CARMEL — School Board meetings have gotten heated in recent months, both in central Indiana, and across the country over mask mandates.
In Carmel, other issues like books, curriculum, and diversity initiatives have also been of concern to some parents. It’s prompted dozens of complaints to be filed against the school district with the state Public Access Counselor.
“I would say just confused, angry, disappointed," said Alvin Lui, a member of Unify Carmel.
That’s how parents with the group, Unify Carmel, said they’re feeling right now, as many have filed formal complaints against the school district with the Indiana Public Access Counselor.
“They are frustrated,” Lui said. “The frustration level is so high. They’re mad. They’re disappointed. A lot of parents have moved here, work very hard to live in Carmel. It’s not easy living in Carmel. It’s not easy at all because of the school district.”
Lui said concerns initially began over what is being taught in the classroom, the books that are being presented that address gender and race, and integrating diversity and equity training for its teachers.
“Get all the political indoctrination out of the teachers,” Lui said. “All these trainings, anti-bias training, anti-racism training, where they’re reading these pro-CERT books like, “Me and White Supremacy” and “How to Be an Antiracist.” Get all of that out of the teachers. They’re having teachers read these books. They’re having them attend the seminars. Everything is through a racial lens or gender lens or equity lens. We want to see all of that gone. All of it. And have teachers go back to having professional development where they’re learning how to be better teachers.”
Parents flooded Carmel Clay School Board meetings this summer in protest, which became heated at times. Because of COVID-19 restrictions, the Board limited how many people could attend these meetings.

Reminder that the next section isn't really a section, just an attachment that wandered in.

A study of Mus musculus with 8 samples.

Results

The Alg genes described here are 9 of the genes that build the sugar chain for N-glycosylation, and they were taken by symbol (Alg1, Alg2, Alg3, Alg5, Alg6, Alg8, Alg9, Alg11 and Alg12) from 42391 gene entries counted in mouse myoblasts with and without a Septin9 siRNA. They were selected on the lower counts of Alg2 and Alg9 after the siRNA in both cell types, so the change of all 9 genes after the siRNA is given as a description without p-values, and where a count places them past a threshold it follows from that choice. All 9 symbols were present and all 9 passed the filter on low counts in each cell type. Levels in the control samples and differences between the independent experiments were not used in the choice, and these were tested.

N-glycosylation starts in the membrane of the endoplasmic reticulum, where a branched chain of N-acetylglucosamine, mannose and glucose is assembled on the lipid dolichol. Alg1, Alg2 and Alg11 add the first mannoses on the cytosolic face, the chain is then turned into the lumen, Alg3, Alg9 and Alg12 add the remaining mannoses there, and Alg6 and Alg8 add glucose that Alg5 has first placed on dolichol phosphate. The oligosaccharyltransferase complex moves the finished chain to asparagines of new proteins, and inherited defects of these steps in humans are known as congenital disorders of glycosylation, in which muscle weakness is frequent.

“They limited the amount of people that were coming even though they knew that there was tons of people waiting outside at every school board meeting for the last three meetings in a row,” Lui said. “They could’ve had a bigger room. Other school districts had a bigger room. We filed that.”
On Monday, the Board moved their monthly meeting to 8 a.m. from the previous 7 p.m. and suspended public comment, citing safety concerns and volatility during meetings.
“Moving it to 8 a.m., nothing illegal about that but come on,” Lui said. “That’s literally just trying to make it as hard as possible for parents to attend. So really it’s not even one thing, it’s just this culture and attitude of making it as difficult as possible for parents to know what’s going on or to voice their concern or to be transparent or to collaborate with parents.”
The Indiana Public Access Counselor said he’s received roughly 30 complaints against school boards since June.
"Half a dozen to a dozen phone calls a day requesting assistance on school board issues," Luke Britt explained. "Typically, Boards are not allowed to limit capacity for meetings, but in light of the pandemic and CDC recommendations, they are. But, to an extent."
“Are you overly restricting crowd sizes?” Britt asked. “We received a couple complaints where they were only allowed in single digits of people. Well, that’s going to be a different analysis than those that allow three to four dozen just spaced apart. There’s also factors to consider: Do you have access to a larger capacity room? A gym? A cafeteria? An auditorium?”
Britt's office makes a determination on these complaint, followed by a formal recommendation that gets published online. He says many complaints are still pending right now, but he plans on releasing several recommendations very soon. Perhaps, by the end of this week.
“If you have an official document from the state that says you’ve violated the open door law, that might give you pause and lead to course correcting in the future,” he said.
The public has a right to observe and record School Board meetings. The meetings must be open to the public. But they are not required to allow time for public comment.
The law is silent on that, the Public Access Counselor says. So in order for that to change, the law would have to change, as well. Britt said they can make conclusive determinations when a governing body or public agency has violated the law, but he uses his role to mainly educate so schools can make appropriate adjustments.